With rare humility, Donald Trump concedes he could come up short
In a rare show of humility by the boastful billionaire, Donald Trump is acknowledging that his presidential campaign faces challenges and could ultimately fall short.
The Republican presidential nominee is straying from his signature bravado as he campaigns in the battleground state of Florida, even telling a gathering of evangelical ministers on Thursday he’s “having a tremendous problem in Utah.” The same day, the reality show star acknowledged that his lack of political correctness could cost him the election if Americans reject his blunt approach.
“We’re having a problem,” Trump told the ministers, adding that the next president could get to nominate up to five high-court justices. “It could cost us the Supreme Court.”
After trouncing 16 challengers in the Republican primary, Trump is encountering worrying signs as his campaign moves into the general election. Democrat Hillary Clinton’s lead over Trump in national polls has widened in recent days, while a growing number of fellow Republicans have declared they won’t support their own party’s nominee.
Trump’s exercise in self-awareness is a marked departure from his usual tenor on the campaign trail, where for months at rallies he would tick through poll numbers showing him winning as if they were sports scores of his favorite team. “We’re going to win so big,” Trump told a roaring crowd one month ago at the Republican National Convention. Yet on Thursday, Trump was reduced to citing a poll that actually showed him a few points behind Clinton and arguing the race between them was close. Asked how he planned to reverse Clinton’s advantage, Trump said he simply planned to do “the
same thing I’m doing right now.”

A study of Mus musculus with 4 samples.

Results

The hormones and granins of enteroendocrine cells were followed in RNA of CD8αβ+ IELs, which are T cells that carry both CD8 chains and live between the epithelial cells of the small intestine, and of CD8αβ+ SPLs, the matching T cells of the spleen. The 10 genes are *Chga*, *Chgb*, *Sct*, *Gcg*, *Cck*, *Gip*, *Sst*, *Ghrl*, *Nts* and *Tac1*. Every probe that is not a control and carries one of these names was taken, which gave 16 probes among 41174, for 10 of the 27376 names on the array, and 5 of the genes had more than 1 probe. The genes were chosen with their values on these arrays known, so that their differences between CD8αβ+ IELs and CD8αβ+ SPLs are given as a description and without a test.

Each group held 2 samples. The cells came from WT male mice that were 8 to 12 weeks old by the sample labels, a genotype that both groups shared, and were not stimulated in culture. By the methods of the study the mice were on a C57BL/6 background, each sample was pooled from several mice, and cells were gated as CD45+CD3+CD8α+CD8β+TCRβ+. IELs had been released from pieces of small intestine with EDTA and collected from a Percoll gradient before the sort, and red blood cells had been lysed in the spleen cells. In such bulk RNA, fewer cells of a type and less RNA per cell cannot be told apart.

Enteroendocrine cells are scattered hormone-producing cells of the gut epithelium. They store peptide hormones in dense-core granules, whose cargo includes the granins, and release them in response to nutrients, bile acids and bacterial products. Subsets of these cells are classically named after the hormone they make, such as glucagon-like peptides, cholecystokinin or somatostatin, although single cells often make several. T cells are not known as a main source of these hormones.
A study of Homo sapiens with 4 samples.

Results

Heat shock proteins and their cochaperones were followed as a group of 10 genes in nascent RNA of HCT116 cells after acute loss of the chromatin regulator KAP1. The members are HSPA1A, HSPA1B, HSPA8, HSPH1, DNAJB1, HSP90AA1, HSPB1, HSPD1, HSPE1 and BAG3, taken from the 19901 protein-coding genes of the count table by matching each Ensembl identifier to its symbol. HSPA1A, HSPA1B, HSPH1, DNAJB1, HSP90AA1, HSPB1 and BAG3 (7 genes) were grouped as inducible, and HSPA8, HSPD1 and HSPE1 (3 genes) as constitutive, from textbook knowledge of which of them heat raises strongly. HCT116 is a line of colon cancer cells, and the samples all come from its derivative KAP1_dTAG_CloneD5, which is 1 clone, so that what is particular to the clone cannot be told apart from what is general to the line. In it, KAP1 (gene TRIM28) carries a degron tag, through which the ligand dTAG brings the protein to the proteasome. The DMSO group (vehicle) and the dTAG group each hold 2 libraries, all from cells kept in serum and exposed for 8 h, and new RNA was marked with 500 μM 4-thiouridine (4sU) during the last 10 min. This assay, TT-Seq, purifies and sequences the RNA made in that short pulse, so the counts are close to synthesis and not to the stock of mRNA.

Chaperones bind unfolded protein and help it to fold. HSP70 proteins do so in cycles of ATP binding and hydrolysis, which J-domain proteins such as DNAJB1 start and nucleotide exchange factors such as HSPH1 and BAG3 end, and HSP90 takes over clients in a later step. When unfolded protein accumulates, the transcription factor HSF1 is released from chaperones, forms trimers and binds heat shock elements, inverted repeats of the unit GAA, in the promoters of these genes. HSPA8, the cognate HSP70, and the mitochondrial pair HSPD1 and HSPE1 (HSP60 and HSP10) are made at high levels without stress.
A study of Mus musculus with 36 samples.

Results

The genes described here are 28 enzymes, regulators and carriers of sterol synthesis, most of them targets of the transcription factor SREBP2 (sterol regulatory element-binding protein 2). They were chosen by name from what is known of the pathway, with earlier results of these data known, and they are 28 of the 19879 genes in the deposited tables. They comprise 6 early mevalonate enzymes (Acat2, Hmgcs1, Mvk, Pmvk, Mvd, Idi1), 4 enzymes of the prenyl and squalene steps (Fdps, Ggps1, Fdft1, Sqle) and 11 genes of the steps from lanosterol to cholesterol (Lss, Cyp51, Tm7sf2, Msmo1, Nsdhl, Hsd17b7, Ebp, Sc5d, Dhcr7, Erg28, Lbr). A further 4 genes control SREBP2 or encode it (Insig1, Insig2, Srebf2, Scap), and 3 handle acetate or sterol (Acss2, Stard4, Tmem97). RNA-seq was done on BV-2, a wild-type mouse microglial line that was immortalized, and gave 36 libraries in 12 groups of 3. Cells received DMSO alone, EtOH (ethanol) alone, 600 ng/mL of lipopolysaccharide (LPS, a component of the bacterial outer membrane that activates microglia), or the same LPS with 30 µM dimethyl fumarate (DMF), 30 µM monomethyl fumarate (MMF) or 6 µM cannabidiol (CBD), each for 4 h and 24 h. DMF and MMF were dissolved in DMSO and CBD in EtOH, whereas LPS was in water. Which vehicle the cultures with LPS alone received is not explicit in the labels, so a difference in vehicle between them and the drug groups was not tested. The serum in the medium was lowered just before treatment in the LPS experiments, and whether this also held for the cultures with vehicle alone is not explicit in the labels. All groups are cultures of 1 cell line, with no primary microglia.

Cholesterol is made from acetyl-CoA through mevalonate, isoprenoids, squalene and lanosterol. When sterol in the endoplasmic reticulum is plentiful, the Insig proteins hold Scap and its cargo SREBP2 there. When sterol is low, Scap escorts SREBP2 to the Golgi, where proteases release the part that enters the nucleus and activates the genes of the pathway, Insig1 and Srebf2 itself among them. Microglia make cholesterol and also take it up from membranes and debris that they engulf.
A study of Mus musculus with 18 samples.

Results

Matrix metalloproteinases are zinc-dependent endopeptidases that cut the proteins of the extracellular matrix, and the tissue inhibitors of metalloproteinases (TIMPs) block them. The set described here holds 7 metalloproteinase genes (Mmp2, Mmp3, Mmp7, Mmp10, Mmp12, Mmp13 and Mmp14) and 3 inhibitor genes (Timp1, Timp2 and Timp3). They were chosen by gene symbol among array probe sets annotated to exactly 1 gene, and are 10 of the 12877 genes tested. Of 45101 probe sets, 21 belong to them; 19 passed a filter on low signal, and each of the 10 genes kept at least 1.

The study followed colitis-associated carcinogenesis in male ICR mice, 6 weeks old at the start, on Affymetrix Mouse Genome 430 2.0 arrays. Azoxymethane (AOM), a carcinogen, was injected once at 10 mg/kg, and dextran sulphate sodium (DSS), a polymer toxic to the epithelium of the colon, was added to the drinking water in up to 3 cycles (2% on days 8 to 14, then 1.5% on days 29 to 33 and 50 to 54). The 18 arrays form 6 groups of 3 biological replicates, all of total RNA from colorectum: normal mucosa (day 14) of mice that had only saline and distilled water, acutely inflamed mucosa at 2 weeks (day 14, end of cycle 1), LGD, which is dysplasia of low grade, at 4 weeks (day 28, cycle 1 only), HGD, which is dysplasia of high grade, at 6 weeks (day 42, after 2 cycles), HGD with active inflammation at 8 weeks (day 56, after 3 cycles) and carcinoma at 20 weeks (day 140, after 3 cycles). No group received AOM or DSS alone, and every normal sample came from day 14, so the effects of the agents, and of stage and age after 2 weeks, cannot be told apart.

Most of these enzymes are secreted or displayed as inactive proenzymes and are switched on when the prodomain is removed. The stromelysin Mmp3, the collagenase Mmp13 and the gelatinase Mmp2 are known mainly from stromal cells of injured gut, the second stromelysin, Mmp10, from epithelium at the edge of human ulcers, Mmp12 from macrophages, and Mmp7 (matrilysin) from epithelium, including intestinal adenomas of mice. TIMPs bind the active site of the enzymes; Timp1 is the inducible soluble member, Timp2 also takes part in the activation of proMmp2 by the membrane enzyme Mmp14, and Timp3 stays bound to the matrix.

Clinton knocks ‘outlandish Trumpian ideas’ in speech
Her political fortunes flourishing, Hillary Clinton attempted to undercut Donald Trump’s claim to working-class voters on Thursday, portraying her Republican rival as untrustworthy on economic issues and pushing policies that would only benefit the super-wealthy himself included.
The Democratic presidential nominee sought to seize momentum as Republicans, including Trump, struck an almost defeatist note about their Election Day chances. As Republican leaders sounded alarms about Trump’s unconventional approach, Clinton attacked what she dubbed “outlandish Trumpian ideas” that have been rejected by both parties.
“Based on what we know from the Trump campaign, he wants America to work for him and his friends, at the expense of everyone else,” she said after touring a Michigan manufacturing facility.
Appearing in a county known for so-called Reagan Democrats (working-class Democrats who voted Republican in the 1980s), Clinton tried to win back some of the blue-collar voters who have formed the base of her rival’s support, making the case that she offers a steadier roadmap for economic growth and prosperity.